Notes: Miller on the mound?

Notes: Miller on the mound?

DETROIT -- The last time Andrew Miller was in the Tigers clubhouse, he was finishing out his first taste of the Major Leagues a few months after being drafted. His fate on the postseason roster had already pretty much been determined, and he was readying for the offseason. He looked relaxed, and he talked about being grateful for the opportunity.

On Wednesday, he was back in the Tigers clubhouse. He was still relaxed, but his season might not be over just yet.

"I'm kind of on call. That's the best way to put it," Miller said Wednesday before the team worked out at Comerica Park. "And I really don't know much. All I know is I'm here and I need to continue to do what they tell me."

All manager Jim Leyland would tell reporters was short.

"That's a possible roster decision, depending on who we play," he said.

Whether it's a legitimate option or a smokescreen, it throws something out there to consider. The 21-year-old who was the sixth overall selection in the First-Year Player Draft back in June could go from pitching in the College World Series to pitching in the World Series in the same year, something nobody has done since at least the advent of the draft in 1965.

The possibility of adding Miller would seemingly be an answer in relief against the Mets, whose ability to alternate left-handed and right-handed hitters in their lineup could force Leyland to use more relievers for one hitter at a time in later innings than he did in the previous two rounds.

Carlos Delgado and Cliff Floyd are obvious left-handed power sources, but right-handed-hitting David Wright hit 46 points lower against lefties in the regular season -- including just .209 with two homers in 86 at-bats after the All-Star break. Switch-hitting Jose Valentin batted just .219 versus lefties with two homers in 96 at-bats. Even slick-hitting switch-hitter Jose Reyes, while punishing southpaws in most situations all year, went just 3-for-14 off of them in the late innings of close games in the regular season.

Should Miller be added to the roster over a right-handed pitcher, the Tigers bullpen would have three lefties and three righties before closer Todd Jones. Moreover, Miller is more of a power thrower than a typical lefty reliever. His fastball-slider combination gives opponents a different look than what they would see from Jamie Walker or even Wilfredo Ledezma.

To be effective against anybody, though, Miller has to throw the ball over the plate, something he didn't do well. He walked 10 batters over 10 1/3 innings in his stretch-run appearance, including seven of 16 left-handed batters he faced.

"Throwing strikes to everybody was a problem this year," Miller admitted. "Walks kill you. I knew that coming in and didn't do enough about it. It might've been a different experience if I hadn't walked nearly as many people, but you live and you learn."

Those command struggles, and the potential that he could be useful if he solved them, were apparently one reason why the Tigers sent him to instructional ball after the regular season ended. He worked with pitching instructor Jon Matlack there on his control before making three instructional starts, totaling six innings.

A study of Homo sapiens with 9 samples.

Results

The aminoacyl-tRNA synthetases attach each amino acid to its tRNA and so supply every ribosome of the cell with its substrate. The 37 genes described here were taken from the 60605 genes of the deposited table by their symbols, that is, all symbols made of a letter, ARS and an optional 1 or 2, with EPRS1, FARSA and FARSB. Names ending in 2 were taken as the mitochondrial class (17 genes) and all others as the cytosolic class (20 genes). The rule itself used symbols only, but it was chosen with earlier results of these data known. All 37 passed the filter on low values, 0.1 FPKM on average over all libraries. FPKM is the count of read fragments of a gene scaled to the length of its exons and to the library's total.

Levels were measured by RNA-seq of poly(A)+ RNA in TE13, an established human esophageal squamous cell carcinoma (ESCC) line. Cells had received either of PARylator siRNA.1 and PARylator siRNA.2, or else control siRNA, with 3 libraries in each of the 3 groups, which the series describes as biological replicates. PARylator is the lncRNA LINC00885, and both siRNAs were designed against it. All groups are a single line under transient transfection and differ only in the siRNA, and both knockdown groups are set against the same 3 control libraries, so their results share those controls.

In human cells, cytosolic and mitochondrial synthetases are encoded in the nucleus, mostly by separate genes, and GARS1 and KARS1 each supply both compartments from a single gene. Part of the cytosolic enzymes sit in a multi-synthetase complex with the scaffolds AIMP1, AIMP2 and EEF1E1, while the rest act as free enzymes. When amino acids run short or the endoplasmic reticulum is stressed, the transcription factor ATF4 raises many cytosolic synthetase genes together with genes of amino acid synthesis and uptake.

"Just ironed out some minor mechanical things, trying to make it simpler," Miller said. "The simpler you are, the easier it is to throw strikes and repeat your delivery."

Miller saw every Tigers playoff game on television and was amazed watching the celebration. The only downside on the day he watched the Tigers clinch the ALCS was his beloved Florida Gators' loss to Auburn in football a few hours later.

"I went from a real high to a low," he said. "But I think that one game in the middle of the season for Florida doesn't compare to winning the ALCS."

A World Series appearance, of course, would top all of that. He watched the Marlins win Game 5 of the 2003 World Series, but from the stands. Pitching in one, as incredible as it sounds, has been on his mind.

"They told me all along that that's why I was down there, to stay in shape," Miller said. "Now I'm here to continue staying in shape, I guess."

More workouts: Leyland characterized Wednesday's workout as a lot more detail-oriented than the improvised work they did Tuesday at Ford Field. They were back at Comerica Park, and they closed off the ballpark to the media as a precaution.

"We're going to have a real Spring Training workout today," he said beforehand. "It should be quite a bit more sophisticated than it was yesterday."

While there wasn't much to learn Tuesday, Leyland realized that not all of his players wanted the same amount of rest. Carlos Guillen, for one, told him his sore back would feel better if he's moving around every day.

So instead of giving a complete day off Thursday, he scheduled an optional workout. That way, players can either keep close to game shape or wrap up ticket obligations, family matters and other potential distractions before they all go back to work for Friday's formal workout.

Injury updates: Sean Casey did not participate at full strength in Tuesday's workout while dealing with his injured left calf, Leyland said.

"At some point, he's going to have to," Leyland said.

Casey is still expected to be healthy for Game 1 Saturday.

Joel Zumaya, meanwhile, rejoined the team Wednesday after missing Tuesday's workout with permission to spend time with his family in California. He said his right wrist is feeling well.

Jason Beck is a reporter for MLB.com. This story was not subject to the approval of Major League Baseball or its clubs.